APHOTOMARINE

An educational resource dedicated mainly to the photography
and diversity of marine life that can be found in coastal waters
and intertidal areas of Great Britain and Ireland by David Fenwick.

A-P-H-O-T-O Wildlife Stock Image Library
Polycera quadrilineata (O.F. Müller, 1776) feeding behaviour on Wakame, Undaria pinnatifida.
Polycera quadrilineata
looking for Membranipora
- on Undaria pinnatifida 1

Polycera quadrilineata
looking for Membranipora
- on Undaria pinnatifida 2

Polycera quadrilineata
shot holed Wakame
- Electra zooids left alone 1

Polycera quadrilineata
shot holed Wakame
- Electra zooids left alone 2

Polycera quadrilineata
feeding on Wakame
- shot holed algae 1

Bryozoan / Sea mat
Membranipora membranacea
- round juvenile colony 1

On weed washing algae to look for nudibranchs at Newlyn Marina, 21.05.17, a large number of Wakame, Undaria pinnatifida, plants were found that had been extensively shot holed. A frond and pieces of fronds were taken away for examination.

On examining the material, the material was found to have two species of bryozoans, sea mats, growing on it, Electra pilosa and Membranipora membranacea, the latter being the food of the sea slug Polycera quadrilineata, which was found in the samples that were examined.

Small round juvenile Membranipora membranacea colonies were observed on the Wakame, as were the more starry shaped colonies of Electra pilosa. The only evidence of feeding was that zooids of Electra pilosa had been left exposed and had not been devoured. This suggests only Membranipora membranacea was being targeted and eaten, and by Polycera quadrilineata past and present.

What is unusual is that on the brown algae Laminaria, Polycera quadrilineata grazes the dorsal surface of the zooids of Membranipora membranacea. On Wakame, Polycera quadrilineata has learned to feed on the ventral surface of Membranipora membranacea by clearing the algae, which leads to the shot holing once the bryozoan has been devoured.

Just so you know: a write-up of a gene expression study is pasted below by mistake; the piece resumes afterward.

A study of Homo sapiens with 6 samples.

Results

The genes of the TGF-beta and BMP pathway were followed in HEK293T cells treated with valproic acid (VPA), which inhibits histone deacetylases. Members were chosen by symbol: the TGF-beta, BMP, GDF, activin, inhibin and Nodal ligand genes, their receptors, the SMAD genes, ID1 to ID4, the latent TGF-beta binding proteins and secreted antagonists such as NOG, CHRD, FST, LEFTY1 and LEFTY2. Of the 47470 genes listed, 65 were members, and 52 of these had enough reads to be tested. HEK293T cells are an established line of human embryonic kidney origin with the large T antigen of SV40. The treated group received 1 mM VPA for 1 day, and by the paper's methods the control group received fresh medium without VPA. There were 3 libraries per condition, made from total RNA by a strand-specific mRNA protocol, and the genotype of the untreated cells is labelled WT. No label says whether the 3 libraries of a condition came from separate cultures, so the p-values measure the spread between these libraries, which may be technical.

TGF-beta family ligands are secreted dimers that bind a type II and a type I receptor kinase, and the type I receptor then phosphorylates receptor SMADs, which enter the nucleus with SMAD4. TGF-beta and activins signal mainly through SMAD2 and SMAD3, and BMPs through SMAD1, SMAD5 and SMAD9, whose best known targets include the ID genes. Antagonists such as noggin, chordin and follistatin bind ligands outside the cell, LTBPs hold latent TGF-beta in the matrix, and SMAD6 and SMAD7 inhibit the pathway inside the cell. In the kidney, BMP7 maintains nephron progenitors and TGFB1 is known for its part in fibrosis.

Wakame, Undaria pinnatifida, is a serious non-native invasive species that was relatively recently appeared. The feeding behaviour of Polycera quadrilineata is either new or adapted. Polycera quadrilineata may also use light to detect colonies of bryozoa on the underside of Wakame fronds.

APHOTOMARINE supports open source data recording and sharing for the benefit of wildlife, recorders, research, science and education. The project recommends the following websites and works with the following bodies and organisations.

Conchological Society of Great Britain and Ireland

The Conchological Society of Great Britain and Ireland
Helping to understand, identify, record, and conserve molluscs.

Marine Biological Association MBA

The Marine Biological Association or MBA, based in Plymouth, is one of the world’s longest-running societies dedicated to promoting research into our oceans and the life they support. Since 1884 the MBA has been providing a unified, clear, independent voice on behalf of the marine biological community.It has a growing membership in over 40 countries.

NBN National Biodiversity Network

The National Biodiversity Network or NBN is a charity that supports open source data sharing and recording supporting conservation, science and education. "Why do recorders need open source?". Simply because it supports the core values of wildlife recording and the free use of records and data over a very wide network that includes partners like the Natural History Museum.

The taxonomy used here is based on that of the following database, which is also used by the MBA, NHM and the NBN.

World Register of Marine Species or WoRMS

The World Register of Marine Species or WoRMS.

Polycera quadrilineata feeding behaviour Membranipora membranacea Wakame Undaria pinnatifida Sea Slug Nudibranch Images
The main objective of this website is in furthering environmental awareness and education through the medium of photography. To increase awareness and access to the wildlife of the region and help
people find and identify it. Sometimes the difference between species is obvious but many species can only be determined by observing microscopic characteristics that are specific to any one species.